Late Saxon & Conquest-Period Oyster Middens

Please click on the link below to download a PDF file of the publication in which the late Ian Horsey and I investigated the date and nature of oyster shell midden deposits excavated from beneath the waterfront of Poole in Dorset, England, utilising radio-carbon dating techniques.

Horsey, I. P. and Winder, J. M. (1992) The Late Saxon and Conquest-Period Oyster Middens, in Excavations at Poole 1973-1983 by Ian P. Horsey, Dorset Natural History and Archaeological Society Monograph Series Number 10, Series Editor Jo Draper, pp 60-61.

Permission to use this published report has kindly been granted by Dorset County Museum where it is possible to purchase copies of the full publication.


About winderjssc

Jessica Winder has a background in ecological studies in both the museum and the research laboratory. She is passionate about the natural world right on our doorsteps. She is enthusiastic about capturing what she sees through photography and wants to open the eyes of everyone to the beauty and fascination of nature. She is author of 'Jessica's Nature Blog' at Jessica has also extensively researched macroscopic variations in oyster and other edible marine mollusc shells from archaeological excavations as a means of understanding past exploitation of marine shellfish resources. She is an archaeo-malacological consultant through Oysters etc. and is publishing summaries of her shell research work on the WordPress Blog called 'Oysters etc.' at 'Photographic Salmagundi' at is a showcase of photographs and digital art on all sorts of subjects - not just natural history.

  1. nannus says:

    Quite interesting. I am not sure about the health effects of eating 532 oysters a day 😉 but they must have been an important addition to the diet of the people in that area. Is anything known about those people? It might be possible nowadays to find out how much seafoods contributed to their diet by analyzing isotope ratios in their bones.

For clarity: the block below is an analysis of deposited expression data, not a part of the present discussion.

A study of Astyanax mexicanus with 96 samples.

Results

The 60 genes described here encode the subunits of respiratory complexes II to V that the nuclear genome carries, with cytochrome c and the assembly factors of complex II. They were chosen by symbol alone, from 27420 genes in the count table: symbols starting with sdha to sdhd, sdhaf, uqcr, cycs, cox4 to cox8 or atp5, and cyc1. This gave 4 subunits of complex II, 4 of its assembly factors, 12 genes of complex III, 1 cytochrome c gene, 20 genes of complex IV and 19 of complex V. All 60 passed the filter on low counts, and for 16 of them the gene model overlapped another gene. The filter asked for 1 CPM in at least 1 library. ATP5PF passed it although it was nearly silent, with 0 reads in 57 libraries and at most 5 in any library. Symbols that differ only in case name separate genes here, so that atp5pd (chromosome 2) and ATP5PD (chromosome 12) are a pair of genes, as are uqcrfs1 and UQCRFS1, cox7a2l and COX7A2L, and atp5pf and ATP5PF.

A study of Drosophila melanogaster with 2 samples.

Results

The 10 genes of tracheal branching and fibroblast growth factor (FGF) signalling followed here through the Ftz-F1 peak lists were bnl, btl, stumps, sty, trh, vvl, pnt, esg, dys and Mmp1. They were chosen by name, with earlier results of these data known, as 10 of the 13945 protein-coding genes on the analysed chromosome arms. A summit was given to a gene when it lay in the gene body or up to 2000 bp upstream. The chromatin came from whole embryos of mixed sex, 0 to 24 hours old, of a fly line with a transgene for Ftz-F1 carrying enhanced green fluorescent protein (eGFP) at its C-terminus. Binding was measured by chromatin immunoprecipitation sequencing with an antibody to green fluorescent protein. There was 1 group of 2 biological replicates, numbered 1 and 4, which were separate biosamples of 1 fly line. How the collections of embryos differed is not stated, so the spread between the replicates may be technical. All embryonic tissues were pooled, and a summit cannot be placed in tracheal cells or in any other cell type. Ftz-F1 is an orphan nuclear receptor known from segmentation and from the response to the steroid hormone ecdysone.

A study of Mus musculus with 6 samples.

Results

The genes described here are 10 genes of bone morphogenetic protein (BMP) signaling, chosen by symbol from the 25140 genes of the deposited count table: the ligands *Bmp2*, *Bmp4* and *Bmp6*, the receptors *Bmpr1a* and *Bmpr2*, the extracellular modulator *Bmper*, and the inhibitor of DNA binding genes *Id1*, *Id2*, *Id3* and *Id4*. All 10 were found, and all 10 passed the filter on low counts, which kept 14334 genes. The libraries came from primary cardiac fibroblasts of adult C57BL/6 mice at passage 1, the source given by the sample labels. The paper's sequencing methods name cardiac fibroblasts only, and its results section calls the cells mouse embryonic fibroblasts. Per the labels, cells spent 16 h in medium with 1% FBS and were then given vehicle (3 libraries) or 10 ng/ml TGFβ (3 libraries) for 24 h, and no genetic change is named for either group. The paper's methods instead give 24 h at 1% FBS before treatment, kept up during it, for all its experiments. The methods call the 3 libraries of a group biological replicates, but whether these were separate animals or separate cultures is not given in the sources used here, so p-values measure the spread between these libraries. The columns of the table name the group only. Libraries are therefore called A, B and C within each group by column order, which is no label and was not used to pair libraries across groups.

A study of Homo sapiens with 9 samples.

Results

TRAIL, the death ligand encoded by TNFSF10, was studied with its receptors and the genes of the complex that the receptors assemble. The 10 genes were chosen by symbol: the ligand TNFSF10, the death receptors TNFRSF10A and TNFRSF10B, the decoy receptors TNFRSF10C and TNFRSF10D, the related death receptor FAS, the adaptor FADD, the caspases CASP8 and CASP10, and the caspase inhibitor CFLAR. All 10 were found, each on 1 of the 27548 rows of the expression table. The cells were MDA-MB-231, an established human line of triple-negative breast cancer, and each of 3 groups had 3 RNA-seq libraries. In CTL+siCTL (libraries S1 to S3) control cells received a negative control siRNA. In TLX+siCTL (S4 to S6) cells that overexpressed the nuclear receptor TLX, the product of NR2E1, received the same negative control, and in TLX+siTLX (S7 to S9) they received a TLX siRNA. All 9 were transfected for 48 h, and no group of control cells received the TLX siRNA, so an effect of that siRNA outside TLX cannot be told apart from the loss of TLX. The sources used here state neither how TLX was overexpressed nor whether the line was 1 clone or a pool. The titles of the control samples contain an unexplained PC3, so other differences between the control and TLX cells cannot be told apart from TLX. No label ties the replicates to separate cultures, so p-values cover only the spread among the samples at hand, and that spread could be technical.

• winderjssc says:

      I believe that people commonly ate around a hundred oysters at a sitting but I think that would have quite an effect on the bowels. For most of history oysters would have been an important part of the diet especially for communities living near to the sea – transport could be problem (difficult and expensive) for people living further inland. Seafood of all kinds was important to the locals of the general area but also other kinds of meat. The fascinating thing about the oysters from these particular excavations in Poole is that the deposits were made at a time when there is no evidence whatsoever of habitation on the site. The oldest buildings still in existence in Poole had their foundations dug into the oyster shell midden which therefore pre-dated settlement of the site. It is thought that fishermen taking oysters from Poole Bay via the harbour and up-river to the town of Wareham, anchored half-way at the future site of Poole because of ebbing tides and shallowing water. It is believed that they shucked the oysters to remove the meat and then cast the empty shells overboard onto the mud banks. The oysters were presumably preserved in barrels of brine for onwards transport. There are documentary records of oyster meats exported from Poole in barrels later on in the 17/18th century.

      • nannus says:

        Maybe this was necessary to reduce the wheight of the ship. Maybe the riverbed was too shallow to take all that extra wheight along (just an idea).